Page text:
California American Water is getting its first major, new source of water in decades and it’s recycled water. Cal Am is under orders from the State Water Resources Control Board to significantly reduce pumping water from the Carmel River. The facility that will bring recycled water to the Monterey area, Pure Water Monterey, held a ribbon cutting Friday to celebrate the start-up phase.
Those attending the ribbon cutting were met with three dozen, sign-holding demonstrators who lined the entrance to the Monterey Regional Waste Management District. The protestors support Pure Water Monterey, and see it as an alternative to the proposed Cal Am desalination plant in Marina.
The Waste Management District is next to the Pure Water Monterey facility, which is comprised of a huge series of pipes, pumps and filtration stations. The facility takes waste water from agriculture, residents and businesses plus stormwater runoff. Then, it purifies it.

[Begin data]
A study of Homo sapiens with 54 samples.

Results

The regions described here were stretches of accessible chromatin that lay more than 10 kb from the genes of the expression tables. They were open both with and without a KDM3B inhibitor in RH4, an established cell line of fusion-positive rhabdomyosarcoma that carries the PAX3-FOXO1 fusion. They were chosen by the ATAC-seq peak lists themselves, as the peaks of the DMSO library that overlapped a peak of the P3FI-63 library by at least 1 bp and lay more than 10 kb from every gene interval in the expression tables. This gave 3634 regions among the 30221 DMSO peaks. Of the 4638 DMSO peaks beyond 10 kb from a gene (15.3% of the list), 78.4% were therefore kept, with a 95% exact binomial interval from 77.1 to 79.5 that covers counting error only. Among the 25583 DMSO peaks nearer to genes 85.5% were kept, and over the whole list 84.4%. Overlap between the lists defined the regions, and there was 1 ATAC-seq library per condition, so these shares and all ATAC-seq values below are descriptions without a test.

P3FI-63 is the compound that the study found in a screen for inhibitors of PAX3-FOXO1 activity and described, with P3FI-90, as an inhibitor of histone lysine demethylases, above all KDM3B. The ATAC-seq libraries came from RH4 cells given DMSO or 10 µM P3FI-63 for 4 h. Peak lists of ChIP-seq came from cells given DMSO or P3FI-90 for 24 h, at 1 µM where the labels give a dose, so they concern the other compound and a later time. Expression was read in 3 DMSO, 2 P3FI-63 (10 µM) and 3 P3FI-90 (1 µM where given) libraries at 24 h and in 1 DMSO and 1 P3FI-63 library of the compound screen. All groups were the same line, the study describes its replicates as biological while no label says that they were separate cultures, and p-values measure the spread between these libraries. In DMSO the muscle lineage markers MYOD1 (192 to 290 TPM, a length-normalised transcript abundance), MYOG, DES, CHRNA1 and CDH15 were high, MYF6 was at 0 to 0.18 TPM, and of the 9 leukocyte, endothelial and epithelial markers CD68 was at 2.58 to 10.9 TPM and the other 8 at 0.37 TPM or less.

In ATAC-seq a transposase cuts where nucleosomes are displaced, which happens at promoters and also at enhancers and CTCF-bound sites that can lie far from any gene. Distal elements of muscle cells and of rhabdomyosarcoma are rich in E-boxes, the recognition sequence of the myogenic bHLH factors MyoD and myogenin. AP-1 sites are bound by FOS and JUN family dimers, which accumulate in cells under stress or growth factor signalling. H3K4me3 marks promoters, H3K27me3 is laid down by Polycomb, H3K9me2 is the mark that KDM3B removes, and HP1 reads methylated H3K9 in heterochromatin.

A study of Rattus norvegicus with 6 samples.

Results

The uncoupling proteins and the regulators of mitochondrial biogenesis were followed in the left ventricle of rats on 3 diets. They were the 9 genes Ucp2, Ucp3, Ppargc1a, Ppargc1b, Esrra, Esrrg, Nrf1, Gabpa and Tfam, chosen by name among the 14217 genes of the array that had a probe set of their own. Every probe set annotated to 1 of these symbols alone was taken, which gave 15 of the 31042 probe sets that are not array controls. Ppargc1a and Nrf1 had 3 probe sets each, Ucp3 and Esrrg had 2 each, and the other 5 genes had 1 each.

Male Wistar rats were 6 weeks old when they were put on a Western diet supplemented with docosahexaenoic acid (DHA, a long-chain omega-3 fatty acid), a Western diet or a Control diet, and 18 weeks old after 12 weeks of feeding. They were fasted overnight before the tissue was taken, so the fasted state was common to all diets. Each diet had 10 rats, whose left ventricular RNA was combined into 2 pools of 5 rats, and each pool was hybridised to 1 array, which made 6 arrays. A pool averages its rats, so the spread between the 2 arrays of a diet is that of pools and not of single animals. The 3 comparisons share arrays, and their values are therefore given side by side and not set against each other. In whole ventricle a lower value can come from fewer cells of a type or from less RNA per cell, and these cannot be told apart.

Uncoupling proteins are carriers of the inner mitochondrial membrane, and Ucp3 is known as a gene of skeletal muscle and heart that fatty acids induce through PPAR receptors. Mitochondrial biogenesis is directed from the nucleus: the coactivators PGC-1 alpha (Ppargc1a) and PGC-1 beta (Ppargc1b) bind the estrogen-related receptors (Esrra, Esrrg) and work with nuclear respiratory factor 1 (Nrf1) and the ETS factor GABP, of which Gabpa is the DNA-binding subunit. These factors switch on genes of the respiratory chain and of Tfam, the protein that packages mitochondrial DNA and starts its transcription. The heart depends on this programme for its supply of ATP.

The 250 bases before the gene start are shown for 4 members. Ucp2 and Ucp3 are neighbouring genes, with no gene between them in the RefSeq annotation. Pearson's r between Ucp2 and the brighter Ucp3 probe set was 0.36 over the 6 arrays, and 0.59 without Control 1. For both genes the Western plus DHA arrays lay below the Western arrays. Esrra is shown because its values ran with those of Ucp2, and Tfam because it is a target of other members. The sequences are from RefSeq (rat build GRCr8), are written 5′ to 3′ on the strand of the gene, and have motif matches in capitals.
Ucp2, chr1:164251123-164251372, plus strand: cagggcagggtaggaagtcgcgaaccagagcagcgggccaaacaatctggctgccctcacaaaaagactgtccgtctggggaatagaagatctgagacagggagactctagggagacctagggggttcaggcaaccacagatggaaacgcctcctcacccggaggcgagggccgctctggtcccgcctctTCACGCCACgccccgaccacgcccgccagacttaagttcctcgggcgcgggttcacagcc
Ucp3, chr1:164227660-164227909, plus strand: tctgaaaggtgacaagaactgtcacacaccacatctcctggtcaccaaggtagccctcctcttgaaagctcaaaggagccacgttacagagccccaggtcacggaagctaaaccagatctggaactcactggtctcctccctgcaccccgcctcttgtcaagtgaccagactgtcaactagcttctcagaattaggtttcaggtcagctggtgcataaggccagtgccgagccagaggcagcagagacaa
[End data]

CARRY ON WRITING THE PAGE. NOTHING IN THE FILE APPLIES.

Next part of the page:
Mike McCullough is with Monterey One Water, a wastewater treatment plant.
“Yeah, we like to call it advance purified recycled water. So, you know, you can drink it, okay. And I just did,” McCullough said.
He points out that it’s the same water system that is used in Orange County. He says it is safe and there are few other options.
“You know, we're just trying to reuse all the water resources that we have locally and we don't have other water supplies coming into the state, from the federal project or the state projects. We have to really capitalize on what we have here,” said McCullough.
After the water is purified, it will be stored in an underground aquifer in Seaside. The state requires that it’s stored for at least 11 months. From there, it will be pumped out by Cal Am and distributed to its customers.
McCullough estimates the water could be coming out of the tap in about a year.
Both Monterey One Water and California American Water support KAZU. Underwriters do not affect our journalism.